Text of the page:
Deleted Scenes is the autobiography of Northern Irish writer and musician Stephen Michael Clarke which includes – amongst various mentions of Bill Drummond throughout the book – a full chapter called Liberation Loophole, dedicated to The JAMS’ return to Liverpool in 2017, though with a slight twist.
Back Cover Blurb
It’s about my first kiss – which made me smile and made a girl vomit.
It’s about being a teenage runaway.
It’s about settling down.
It’s also about Techno music, suicidal thoughts, eating fried chicken and having sex.
It’s about living through The Troubles in Belfast, Northern Ireland.
It’s about making a scene in Edinburgh.
It’s about standing in the spotlight and raising my hands as a crowd roared.
It’s also about hiding behind curtains.
It’s about living on a country estate in Scotland and eating Dougie MacLean’s honey.
It’s also about getting divorced.
It’s about chronic pain and throwing up blood all night.
It’s about 37 years worth of memories.
It’s also about my favourite band, The KLF, and how my life has intertwined with Bill Drummond’s on several occasions.
Is it worth it?
Definitely – Stephen’s recount of the events between August 23rd and 26th from the perspective of an outsider is an entertaining event log for the rest of us. The first few pages give a short background of Clarke’s personal history with The KLF, including a Score (Dream) he contributed to The17 back in 2008. The mid-section bursts with the enthusiasm of a person describing the full three days to a friend down the pub after a pint or two with their hands gesturing fervently and facts slowly evolving into exaggeration – something Stephen is of course fully aware of. The last third ends on his afterthoughts considering the WTTDA event and its 400 participants.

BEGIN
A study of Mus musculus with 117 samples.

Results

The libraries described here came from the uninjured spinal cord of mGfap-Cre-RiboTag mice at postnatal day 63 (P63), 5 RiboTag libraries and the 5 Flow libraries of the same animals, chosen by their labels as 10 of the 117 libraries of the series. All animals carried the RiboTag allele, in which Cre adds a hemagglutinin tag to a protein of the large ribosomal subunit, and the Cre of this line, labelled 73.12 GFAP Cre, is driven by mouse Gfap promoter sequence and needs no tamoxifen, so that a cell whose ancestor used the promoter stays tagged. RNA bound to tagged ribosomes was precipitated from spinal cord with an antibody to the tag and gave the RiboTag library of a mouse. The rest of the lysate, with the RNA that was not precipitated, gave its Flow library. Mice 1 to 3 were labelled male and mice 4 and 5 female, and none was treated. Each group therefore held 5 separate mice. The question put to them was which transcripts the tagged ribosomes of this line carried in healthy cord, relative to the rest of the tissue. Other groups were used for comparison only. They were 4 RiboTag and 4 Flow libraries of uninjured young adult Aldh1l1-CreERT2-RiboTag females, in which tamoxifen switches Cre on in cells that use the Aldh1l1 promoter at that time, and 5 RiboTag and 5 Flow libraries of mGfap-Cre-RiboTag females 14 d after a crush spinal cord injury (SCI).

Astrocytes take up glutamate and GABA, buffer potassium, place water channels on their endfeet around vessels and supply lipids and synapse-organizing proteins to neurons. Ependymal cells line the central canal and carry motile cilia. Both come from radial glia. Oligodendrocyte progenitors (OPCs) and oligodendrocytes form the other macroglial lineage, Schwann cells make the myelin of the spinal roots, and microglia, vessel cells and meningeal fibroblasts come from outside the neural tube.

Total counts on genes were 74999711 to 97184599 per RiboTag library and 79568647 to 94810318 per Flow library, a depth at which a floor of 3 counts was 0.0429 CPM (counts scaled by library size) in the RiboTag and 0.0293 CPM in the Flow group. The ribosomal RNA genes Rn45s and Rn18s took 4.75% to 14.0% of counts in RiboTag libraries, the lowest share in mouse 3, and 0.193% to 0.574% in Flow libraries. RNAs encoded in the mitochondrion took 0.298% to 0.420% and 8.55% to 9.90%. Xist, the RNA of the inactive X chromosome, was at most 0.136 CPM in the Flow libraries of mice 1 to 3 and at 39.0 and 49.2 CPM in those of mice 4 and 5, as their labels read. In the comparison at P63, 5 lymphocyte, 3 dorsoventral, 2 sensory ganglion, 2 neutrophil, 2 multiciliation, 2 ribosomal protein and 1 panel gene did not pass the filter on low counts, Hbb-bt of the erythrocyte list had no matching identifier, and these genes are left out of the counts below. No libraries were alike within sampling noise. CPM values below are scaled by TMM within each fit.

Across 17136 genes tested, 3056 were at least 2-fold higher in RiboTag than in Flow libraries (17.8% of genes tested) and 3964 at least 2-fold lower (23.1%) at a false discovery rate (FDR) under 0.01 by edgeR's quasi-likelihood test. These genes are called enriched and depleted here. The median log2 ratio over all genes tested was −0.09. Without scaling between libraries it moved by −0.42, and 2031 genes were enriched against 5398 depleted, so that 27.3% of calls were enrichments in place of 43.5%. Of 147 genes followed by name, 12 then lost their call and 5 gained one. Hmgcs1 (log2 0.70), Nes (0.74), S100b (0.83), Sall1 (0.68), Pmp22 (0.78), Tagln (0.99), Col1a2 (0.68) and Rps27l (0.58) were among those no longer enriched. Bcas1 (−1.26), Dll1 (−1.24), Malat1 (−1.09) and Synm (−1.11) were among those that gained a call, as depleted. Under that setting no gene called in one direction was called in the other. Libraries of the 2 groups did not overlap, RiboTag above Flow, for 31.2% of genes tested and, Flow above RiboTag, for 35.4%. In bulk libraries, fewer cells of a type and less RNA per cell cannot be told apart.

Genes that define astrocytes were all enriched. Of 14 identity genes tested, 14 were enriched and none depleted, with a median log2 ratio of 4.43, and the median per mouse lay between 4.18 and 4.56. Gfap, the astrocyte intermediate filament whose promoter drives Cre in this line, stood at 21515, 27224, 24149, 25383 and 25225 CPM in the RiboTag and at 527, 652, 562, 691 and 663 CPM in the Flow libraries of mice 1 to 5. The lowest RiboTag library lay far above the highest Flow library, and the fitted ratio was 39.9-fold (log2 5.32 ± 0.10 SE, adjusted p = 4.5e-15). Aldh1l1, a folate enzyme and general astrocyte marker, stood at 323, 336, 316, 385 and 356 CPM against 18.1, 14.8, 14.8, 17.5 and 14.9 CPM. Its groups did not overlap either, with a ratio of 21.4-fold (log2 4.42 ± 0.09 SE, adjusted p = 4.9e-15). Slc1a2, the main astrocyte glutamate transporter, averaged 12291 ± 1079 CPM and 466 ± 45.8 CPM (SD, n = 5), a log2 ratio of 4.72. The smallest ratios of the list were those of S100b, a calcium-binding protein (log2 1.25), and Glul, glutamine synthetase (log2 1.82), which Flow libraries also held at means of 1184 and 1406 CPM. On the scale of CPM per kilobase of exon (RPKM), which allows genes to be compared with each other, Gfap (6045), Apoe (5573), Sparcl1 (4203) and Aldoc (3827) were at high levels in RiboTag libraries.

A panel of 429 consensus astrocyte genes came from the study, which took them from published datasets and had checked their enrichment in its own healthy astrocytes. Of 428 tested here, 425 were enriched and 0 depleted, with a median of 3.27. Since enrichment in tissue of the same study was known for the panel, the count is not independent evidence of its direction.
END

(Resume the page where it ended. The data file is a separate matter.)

If you – like many of us – have spend those three days sitting in front of your PC, refreshing Twitter and Facebook every other minute not to miss even the slightest detail of what was going on in Liverpool, then you will certainly recognize yourself in Liberation Loophole, while those of you who were part of the 400 will surely get a chuckle out of it as well.
Disclaimer: Stephen Clarke 1980 provided us with a free eBook copy for review purposes. Despite that we still insisted on buying a proper softcover edition.